Thronged by reporters this week, Sen. Kent Conrad of North Dakota suggested that Democrats were growing more confident in President Obama’s tentative tax-cut deal with Republicans — the same accord that threatened to splinter his party 24 hours earlier.
Mr. Zandi, Moody’s Analytics chief economist, has become an oracle of sorts on Capitol Hill, where members of both parties have recited his financial forecasts in an attempt to seize the high ground in battles over stimulus packages, deficit reduction plans and the tax cuts enacted during the George W. Bush administration.
In this case, the 51-year-old gave Mr. Obama and GOP leaders a thumbs up for striking a deal over tax cuts and unemployment benefits, predicting the $700 billion package would more than double the expected pace of job growth — from 1.2 million jobs to 2.8 million jobs — and cut the 9.8 percent unemployment rate to near 8.5 percent.
“To have that analysis available for this discussion I think changed the tenor of the discussion,” Mr. Conrad said Wednesday, noting that Mr. Zandi’s numbers had just been rolled before the Democratic caucus.
Citing Zandi-isms has become a staple of congressional debates over the past two years, though the economist’s rise to prominence is striking.
According to the Congressional Record, the official digest of House and Senate proceedings, Mr. Zandi’s name was cited just two times in the 109th Congress, which ran from 2005 through 2006, and 26 times in the 110th Congress.
But in the 111th Congress, which began in January 2009, his name has been rattled off at least 97 times — more than those of most of his peers. In similar searches, Alan Greenspan, the former chairman of the Federal Reserve, appears 100 times and Paul Krugman, the economist, Nobel Prize winner and New York Times columnist, appears 35 times.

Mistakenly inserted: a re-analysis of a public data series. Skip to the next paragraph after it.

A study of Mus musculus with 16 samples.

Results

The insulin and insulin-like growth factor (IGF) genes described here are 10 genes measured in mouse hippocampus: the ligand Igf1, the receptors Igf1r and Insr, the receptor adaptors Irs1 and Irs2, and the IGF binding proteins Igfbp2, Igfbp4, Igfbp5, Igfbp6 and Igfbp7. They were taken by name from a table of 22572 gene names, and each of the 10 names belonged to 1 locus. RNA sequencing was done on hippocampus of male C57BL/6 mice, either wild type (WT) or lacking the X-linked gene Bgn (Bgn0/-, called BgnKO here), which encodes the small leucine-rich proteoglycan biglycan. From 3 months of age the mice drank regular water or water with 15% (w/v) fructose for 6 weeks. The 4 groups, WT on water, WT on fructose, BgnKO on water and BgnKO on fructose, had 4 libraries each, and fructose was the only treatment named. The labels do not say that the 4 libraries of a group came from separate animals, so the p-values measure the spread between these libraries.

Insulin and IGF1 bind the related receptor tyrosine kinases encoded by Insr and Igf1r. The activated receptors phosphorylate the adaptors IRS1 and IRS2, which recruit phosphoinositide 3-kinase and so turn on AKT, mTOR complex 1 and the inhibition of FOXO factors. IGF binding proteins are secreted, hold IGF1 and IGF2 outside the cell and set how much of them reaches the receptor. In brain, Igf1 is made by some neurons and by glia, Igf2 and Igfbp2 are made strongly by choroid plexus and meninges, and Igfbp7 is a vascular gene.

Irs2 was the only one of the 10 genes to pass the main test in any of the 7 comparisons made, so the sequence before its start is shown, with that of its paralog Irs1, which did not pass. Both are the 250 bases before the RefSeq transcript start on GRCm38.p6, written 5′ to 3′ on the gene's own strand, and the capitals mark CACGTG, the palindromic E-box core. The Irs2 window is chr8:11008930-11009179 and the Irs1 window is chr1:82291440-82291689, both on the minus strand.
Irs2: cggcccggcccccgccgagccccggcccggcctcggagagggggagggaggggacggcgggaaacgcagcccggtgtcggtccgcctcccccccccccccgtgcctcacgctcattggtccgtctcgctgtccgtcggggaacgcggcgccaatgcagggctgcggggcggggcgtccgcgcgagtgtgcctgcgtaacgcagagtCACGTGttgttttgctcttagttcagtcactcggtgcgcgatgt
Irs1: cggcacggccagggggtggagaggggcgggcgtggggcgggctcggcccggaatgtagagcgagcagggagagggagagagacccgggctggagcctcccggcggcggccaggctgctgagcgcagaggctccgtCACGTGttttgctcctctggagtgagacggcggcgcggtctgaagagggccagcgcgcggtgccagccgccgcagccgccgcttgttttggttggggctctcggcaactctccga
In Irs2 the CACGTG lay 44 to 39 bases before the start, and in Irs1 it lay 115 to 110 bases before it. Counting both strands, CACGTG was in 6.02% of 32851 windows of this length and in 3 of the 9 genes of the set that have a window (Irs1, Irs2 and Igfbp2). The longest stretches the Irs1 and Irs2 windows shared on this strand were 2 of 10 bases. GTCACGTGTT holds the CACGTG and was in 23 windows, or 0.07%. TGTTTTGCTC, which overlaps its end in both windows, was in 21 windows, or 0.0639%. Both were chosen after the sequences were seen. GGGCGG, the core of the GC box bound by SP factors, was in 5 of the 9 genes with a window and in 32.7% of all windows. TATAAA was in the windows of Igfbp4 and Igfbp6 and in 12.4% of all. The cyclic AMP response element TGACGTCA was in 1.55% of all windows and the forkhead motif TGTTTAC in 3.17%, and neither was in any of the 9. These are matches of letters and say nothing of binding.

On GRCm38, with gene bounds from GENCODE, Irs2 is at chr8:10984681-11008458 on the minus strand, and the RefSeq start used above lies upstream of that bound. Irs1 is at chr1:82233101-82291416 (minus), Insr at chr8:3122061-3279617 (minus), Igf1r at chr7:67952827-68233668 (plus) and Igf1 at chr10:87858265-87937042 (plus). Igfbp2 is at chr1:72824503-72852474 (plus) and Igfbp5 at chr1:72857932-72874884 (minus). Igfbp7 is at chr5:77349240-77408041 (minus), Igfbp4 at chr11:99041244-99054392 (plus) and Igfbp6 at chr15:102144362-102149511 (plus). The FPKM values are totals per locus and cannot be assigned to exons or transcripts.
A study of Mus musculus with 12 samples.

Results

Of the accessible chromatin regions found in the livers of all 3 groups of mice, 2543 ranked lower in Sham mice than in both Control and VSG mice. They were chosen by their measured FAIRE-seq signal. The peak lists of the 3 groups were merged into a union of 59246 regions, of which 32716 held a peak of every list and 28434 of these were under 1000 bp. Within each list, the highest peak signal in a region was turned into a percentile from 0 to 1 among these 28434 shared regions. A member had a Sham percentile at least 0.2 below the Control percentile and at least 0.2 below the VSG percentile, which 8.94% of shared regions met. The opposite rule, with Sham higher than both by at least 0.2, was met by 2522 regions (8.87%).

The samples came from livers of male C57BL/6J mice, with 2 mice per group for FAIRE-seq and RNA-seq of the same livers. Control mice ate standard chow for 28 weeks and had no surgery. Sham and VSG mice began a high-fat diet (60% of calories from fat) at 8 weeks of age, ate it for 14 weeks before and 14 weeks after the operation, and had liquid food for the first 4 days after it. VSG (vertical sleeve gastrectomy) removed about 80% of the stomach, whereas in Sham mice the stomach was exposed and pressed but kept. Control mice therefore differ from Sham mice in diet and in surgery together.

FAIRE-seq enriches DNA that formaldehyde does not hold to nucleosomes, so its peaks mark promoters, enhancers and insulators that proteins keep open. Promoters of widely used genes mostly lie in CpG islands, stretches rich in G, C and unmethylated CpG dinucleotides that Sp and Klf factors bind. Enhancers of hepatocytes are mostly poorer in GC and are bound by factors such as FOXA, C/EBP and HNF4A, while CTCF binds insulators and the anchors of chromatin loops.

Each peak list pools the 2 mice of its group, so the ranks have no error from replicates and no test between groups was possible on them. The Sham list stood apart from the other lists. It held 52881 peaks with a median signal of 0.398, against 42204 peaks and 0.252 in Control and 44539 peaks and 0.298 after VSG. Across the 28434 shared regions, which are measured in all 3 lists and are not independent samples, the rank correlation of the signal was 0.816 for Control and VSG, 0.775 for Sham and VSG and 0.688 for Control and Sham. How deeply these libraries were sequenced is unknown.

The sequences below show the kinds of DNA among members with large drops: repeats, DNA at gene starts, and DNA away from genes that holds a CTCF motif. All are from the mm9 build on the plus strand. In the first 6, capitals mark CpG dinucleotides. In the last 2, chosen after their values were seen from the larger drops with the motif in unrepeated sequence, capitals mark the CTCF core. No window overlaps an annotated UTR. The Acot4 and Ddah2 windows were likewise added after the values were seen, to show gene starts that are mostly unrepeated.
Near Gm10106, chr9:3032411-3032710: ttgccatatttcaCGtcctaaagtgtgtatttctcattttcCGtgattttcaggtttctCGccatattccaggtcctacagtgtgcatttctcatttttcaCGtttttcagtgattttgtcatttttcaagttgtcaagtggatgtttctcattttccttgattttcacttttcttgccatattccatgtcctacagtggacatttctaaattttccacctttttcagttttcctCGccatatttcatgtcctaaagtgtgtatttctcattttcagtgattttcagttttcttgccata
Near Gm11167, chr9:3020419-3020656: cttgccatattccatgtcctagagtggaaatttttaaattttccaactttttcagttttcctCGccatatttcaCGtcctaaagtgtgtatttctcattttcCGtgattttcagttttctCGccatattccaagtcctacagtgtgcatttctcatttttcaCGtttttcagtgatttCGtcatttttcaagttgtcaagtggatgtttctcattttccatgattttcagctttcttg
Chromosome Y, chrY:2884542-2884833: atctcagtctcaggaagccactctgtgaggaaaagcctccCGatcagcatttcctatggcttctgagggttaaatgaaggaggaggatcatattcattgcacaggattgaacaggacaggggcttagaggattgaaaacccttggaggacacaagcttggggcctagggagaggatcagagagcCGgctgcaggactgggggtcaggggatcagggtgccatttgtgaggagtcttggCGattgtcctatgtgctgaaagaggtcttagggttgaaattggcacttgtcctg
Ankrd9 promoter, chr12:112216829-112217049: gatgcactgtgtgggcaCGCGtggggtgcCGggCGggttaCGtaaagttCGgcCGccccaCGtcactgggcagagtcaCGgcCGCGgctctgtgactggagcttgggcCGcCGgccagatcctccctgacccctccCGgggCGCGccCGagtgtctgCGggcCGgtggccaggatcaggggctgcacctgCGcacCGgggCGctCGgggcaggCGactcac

Though a registered Democrat, Mr. Zandi enjoys a bipartisan appeal that others lack. He was an economic adviser to Sen. John McCain during the Arizona Republican’s 2008 presidential bid, a bio point both parties like to highlight. At the same time, he’s a vocal supporter of Mr. Obama’s federal stimulus package, which was adopted by Congress last year and has since been criticized by Republicans for what they consider wasteful spending.
As for the Bush-era income tax cuts, he falls somewhere between the two parties, saying tax cuts for upper-income individuals should be extended for a year and then phased out by 2013. That way, he told The Washington Times last month, the government does not jeopardize the recovery but ensures the revenue source returns to help address the nation’s fiscal woes over the long haul.
“It seems to me that they can look to Zandi as someone who is not identified with being in one political camp or the other, but offering kind of dispassionate economic analysis,” said Richard E. Sylla, a professor of economics at New York University. “The fact that both sides pick up on things he says I think shows that he is a middle-of-the-road guy who is not perceived as being in one ideological camp or the other.”
Mr. Sylla added, “The danger, of course, is they will use whatever he says if it supports their ideological point of view.”
Others have a harsher take.
David Stockman, President Reagan’s budget director, described Mr. Zandi as “the voice of Chamber of Commerce Keynesianism — a mutant strain more insidious and dangerous than the original.”
“There is no project of statist larceny that he hasn’t embraced including the Wall Street bailouts, endless housing boondoggles, credit-card-financed tax cuts of every stripe and the Fed’s Gosplan [Soviet economic planning panel] for destroying savers and the dollar,” Mr. Stockman said. “Worse still, his econometric model has been a serial enabler of Wall Street’s incessant, petulant demands for yet another policy ‘fix’ to goose the stock averages again and again. So, it is not surprising this stuff is popular on Capitol Hill: When you put your quarter in the jukebox, it plays any song you want.”